Economic growth and automobile in Europe


I research for the negative consequences of the automobile in societies for a certain time, and it may be evident to many individuals, that high motorisation rates - number of passengers cars per 1000 inhabitants - provoke inevitably more air pollution and noise, mainly in urban areas, more traffic injuries and fatalities, more sedentary life-style related deaths and less quality of urban space, with public space being allocated to parking spaces and roadway instead of leisure infrastructures such as gardens or open car-free squares.

Nevertheless the impact of the automobile in economy, mainly in Europe, has not been studied carefully. Many think, that high motorisation rates are good for Europe, because some European countries, such as Germany or France, produce automobiles. Nevertheless the recent European crises showed that actually, the high motorization rates are mainly positive for countries which have several car manufacturers, being thus able to export such cars to the other European countries. German or France are the biggest exporters of cars to several European countries. Countries such as Portugal, Spain or Greece, deprived from car industry, allocate several financial resources to car imports; for example in Portugal cars represent the second biggest import after fossil fuels, in-which the later serve mainly to run such cars.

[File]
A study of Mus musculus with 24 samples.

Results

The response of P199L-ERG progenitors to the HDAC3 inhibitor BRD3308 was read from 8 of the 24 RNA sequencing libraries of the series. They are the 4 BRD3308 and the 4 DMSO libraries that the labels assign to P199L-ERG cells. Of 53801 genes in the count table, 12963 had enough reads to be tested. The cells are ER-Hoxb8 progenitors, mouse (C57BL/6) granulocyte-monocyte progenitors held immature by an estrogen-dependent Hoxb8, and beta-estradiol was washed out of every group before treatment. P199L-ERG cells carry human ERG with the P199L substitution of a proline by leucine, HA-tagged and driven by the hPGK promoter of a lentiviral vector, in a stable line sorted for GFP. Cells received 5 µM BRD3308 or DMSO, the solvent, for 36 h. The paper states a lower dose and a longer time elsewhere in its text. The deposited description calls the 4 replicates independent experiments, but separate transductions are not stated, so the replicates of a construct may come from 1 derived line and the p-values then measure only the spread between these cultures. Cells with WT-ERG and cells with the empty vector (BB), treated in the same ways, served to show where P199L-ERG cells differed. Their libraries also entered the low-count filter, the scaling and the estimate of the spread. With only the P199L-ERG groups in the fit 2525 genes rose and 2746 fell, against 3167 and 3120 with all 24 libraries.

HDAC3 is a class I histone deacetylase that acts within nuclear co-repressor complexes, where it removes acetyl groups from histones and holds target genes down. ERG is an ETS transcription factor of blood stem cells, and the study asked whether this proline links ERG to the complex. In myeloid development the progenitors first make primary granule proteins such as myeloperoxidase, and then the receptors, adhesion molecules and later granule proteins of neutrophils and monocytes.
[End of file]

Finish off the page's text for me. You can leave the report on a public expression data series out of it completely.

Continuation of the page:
In addition, Europe is 80% energy dependent, mainly on transports, which means that when an European buys a car, he or she, will spend huge amounts of financial effort in the future, to buy the fuel that runs such car, such fuel, being totally imported (there are very few exceptions in Europe, like Norway). It's not strange though that in Portugal one fifth of total imports are cars plus fuels.

I went then to Eurostat, the European statistics agency and I started to collect and relate some data.


It's not hard to understand the graphic above, as it comes with no big surprise, because as one on average tends to be richer, they tend more likely to acquire an automobile. Nevertheless I wondered if that applies also to economic growth, but the trend was interestingly the opposite.


If we consider Luxembourg (LU) as a statistic outlier due to its low population and surface, we have a clear trend on the graphic above over the almost one decade 2003-2012, concluding that high motorisation rates in the last years contributed to attenuate the economic growth. The explanation is not hard to understand, considering as said before the European continent has a very high dependency of fossil fuels. As more cars a certain country has, not having endogenous fossil fuels, all that energy which will serve to run the automobiles will be imported, affecting the country's commercial balance, prejudicing therefore the economic performance. In addition, the majority of European countries, like Portugal or Greece, do not have relevant car industries, importing not only the fuels but also the cars. Many of those countries also had enormous public expenditures in motorways, such road infrastructures serving basically the automobile, and many of those infrastructures in the last years were made either increasing taxes or with public debt, affecting therefore economic performance.

Edit: I remade the graphic considering only European countries whose population is greater than one million inhabitants, due to scale factors.